Washington policy update: November 2019 Benefits and Compensation Bulletin

Posted by Robert Davis, Christine Drager, and Maria Moliterno on November 27, 2019.

This post provides a quick roundup of recent legislative and regulatory developments relating to employee benefits and compensation.

  • Proposed Rules on Updated Life Expectancy and Distribution tables used for determination of Minimum Required Distributions: The IRS and Department of Labor have released proposed rules regarding an update to the life expectancy tables used in the determination of required minimum distributions from qualified retirement plans, individual retirement accounts and annuities, and certain other tax-favored employer-provided arrangements. As background, the minimum distribution requirements for qualified plans are in place to help ensure that the favorable tax treatment available to qualified plans is used to primarily provide retirement income to participants and designated beneficiaries rather than to increase the estate value of a participant. Therefore, the minimum distribution rules require various commencement dates and patterns of distributions so that payments are not disproportionately deferred. The IRS and Department of Treasury have reviewed the current life expectancy tables currently prescribed in regulations in comparison with recently available mortality data and have determined those tables should be updated to reflect current life expectancies. The updated tables will reflect longer life expectancies than the current tables and would thus reduce the amount of required distributions allowing participants to maintain higher amounts in their plans to account for the possibility of living longer. The effective date of the updated tables in the proposed regulations would apply for distribution calendar years beginning on or after January 1, 2021. Further details, analysis, tables and examples can be found here. Comments on the proposed rules must be submitted by January 7, 2020 and a public hearing is scheduled for January 23, 2020.
  • Changes in interest rates: Interest rates remained flat over the month of October 2019, which is approximately 100 basis points lower than December 31, 2018 based on the FTSE full yield curve. The decline in rates results in lower plan funded statuses as liabilities increase and plan assets struggle to outperform. As the end of 2019 approaches, plan sponsors should consider their options for increasing their plan’s funded status and minimizing the volatility surrounding it. These options include making additional contributions to their plans or implementing plan de-risking strategies. Details on the FTSE yield curve can be found here.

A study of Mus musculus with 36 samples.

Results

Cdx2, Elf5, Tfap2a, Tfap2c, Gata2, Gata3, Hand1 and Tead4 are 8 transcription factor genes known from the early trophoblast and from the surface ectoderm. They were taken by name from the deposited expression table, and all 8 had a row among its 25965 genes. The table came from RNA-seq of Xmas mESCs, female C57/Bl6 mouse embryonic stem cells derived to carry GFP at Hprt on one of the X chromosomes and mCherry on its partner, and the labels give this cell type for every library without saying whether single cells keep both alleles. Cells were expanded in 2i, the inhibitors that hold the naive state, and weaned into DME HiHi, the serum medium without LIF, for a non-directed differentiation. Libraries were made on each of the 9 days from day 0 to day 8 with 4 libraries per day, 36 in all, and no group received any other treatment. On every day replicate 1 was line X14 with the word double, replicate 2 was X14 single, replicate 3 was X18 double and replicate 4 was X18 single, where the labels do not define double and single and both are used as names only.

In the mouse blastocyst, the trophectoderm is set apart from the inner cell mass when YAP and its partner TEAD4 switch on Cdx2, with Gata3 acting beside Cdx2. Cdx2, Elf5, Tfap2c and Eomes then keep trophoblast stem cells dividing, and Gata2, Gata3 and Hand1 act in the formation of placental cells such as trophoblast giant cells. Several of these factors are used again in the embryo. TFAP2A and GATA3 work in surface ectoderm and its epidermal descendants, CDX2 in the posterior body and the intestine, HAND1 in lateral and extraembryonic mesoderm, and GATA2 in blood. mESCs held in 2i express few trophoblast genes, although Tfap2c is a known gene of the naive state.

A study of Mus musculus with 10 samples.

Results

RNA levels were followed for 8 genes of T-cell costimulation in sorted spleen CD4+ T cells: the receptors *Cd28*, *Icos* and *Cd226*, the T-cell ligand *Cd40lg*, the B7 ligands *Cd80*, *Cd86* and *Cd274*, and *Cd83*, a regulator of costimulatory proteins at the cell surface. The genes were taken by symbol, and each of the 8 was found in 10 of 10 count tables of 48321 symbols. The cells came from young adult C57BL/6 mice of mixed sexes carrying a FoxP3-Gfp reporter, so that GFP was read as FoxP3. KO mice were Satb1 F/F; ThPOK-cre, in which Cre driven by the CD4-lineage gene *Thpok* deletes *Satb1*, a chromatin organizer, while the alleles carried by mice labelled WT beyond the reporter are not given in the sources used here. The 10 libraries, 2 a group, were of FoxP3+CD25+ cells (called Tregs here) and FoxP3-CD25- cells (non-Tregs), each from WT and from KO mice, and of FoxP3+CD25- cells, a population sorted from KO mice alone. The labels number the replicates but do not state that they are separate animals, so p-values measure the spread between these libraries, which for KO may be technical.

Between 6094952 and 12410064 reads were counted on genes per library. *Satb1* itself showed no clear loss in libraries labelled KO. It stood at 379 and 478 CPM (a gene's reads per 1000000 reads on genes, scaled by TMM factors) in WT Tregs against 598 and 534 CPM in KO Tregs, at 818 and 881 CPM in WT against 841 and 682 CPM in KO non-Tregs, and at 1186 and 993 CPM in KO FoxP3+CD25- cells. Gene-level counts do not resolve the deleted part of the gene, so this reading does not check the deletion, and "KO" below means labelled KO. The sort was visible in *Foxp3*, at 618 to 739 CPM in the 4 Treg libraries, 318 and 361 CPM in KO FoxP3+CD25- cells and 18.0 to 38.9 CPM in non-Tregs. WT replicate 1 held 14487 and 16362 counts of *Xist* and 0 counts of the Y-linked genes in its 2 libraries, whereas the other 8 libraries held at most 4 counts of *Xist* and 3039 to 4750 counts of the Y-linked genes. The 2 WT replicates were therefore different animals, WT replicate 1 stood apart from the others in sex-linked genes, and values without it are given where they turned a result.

• 2020 Inflation-Adjusted Benefits Limits: Following is a quick summary of some of the key inflation-adjusted retirement and health and welfare benefit-related limits for 2020.

Qualified Plan Limits

A complete historical table of COLA adjustments to these qualified plan limits published by the IRS is available on their website.

PBGC Premiums and Maximum Benefit Guarantees

The PBGC has published a historical table of premium rates, available on their website.

FSAs, Pre-Tax Parking, and HSAs

Beginning in 2020:

  • The annual limit on employee salary reduction contributions to health flexible spending arrangements will be $2,750.
  • The monthly limit on pre-tax parking will be $270.
  • The monthly limit on pre-tax transit passes will be $270.

See IRS Rev. Proc. 2019-44.

The 2017 inflation-adjusted limits relating to Health Savings Accounts (HSA) will be as follows.

Individuals otherwise eligible to contribute to an HSA who are at least 55 years old can make an additional catch-up contribution of up to $1,000 per year. The $1,000 catch-up contribution limit is set by statute, and is not subject to inflation adjustment.

See IRS Rev. Proc. 2019-25.

Social Security Wage Base

*Individuals with earned incomes of more than $200,000 ($250,000 for married couples filing jointly) pay an additional 0.9% Medicare tax on the excess earnings. This additional tax does not apply to the employer share. However, employers must withhold the additional amount for employees earning more than $200,000.

Additional information is available at: https://www.ssa.gov/cola/.

Robert Davis is a managing director in Deloitte Consulting LLP and leads the Washington Rewards Policy Center of Excellence, dedicated to informing practitioners and clients about legislative and regulatory developments relating to employer-sponsored rewards programs.

Christine Drager is a specialist leader in the Human Capital practice of Deloitte Consulting LLP focusing on pension actuarial consulting and assisting employers with the design, valuation, and financial management of pension and other postretirement benefit plans.

Maria Moliterno is a manager in the Human Capital practice of Deloitte Consulting LLP and specializes in actuarial consulting for pensions and other employee benefits.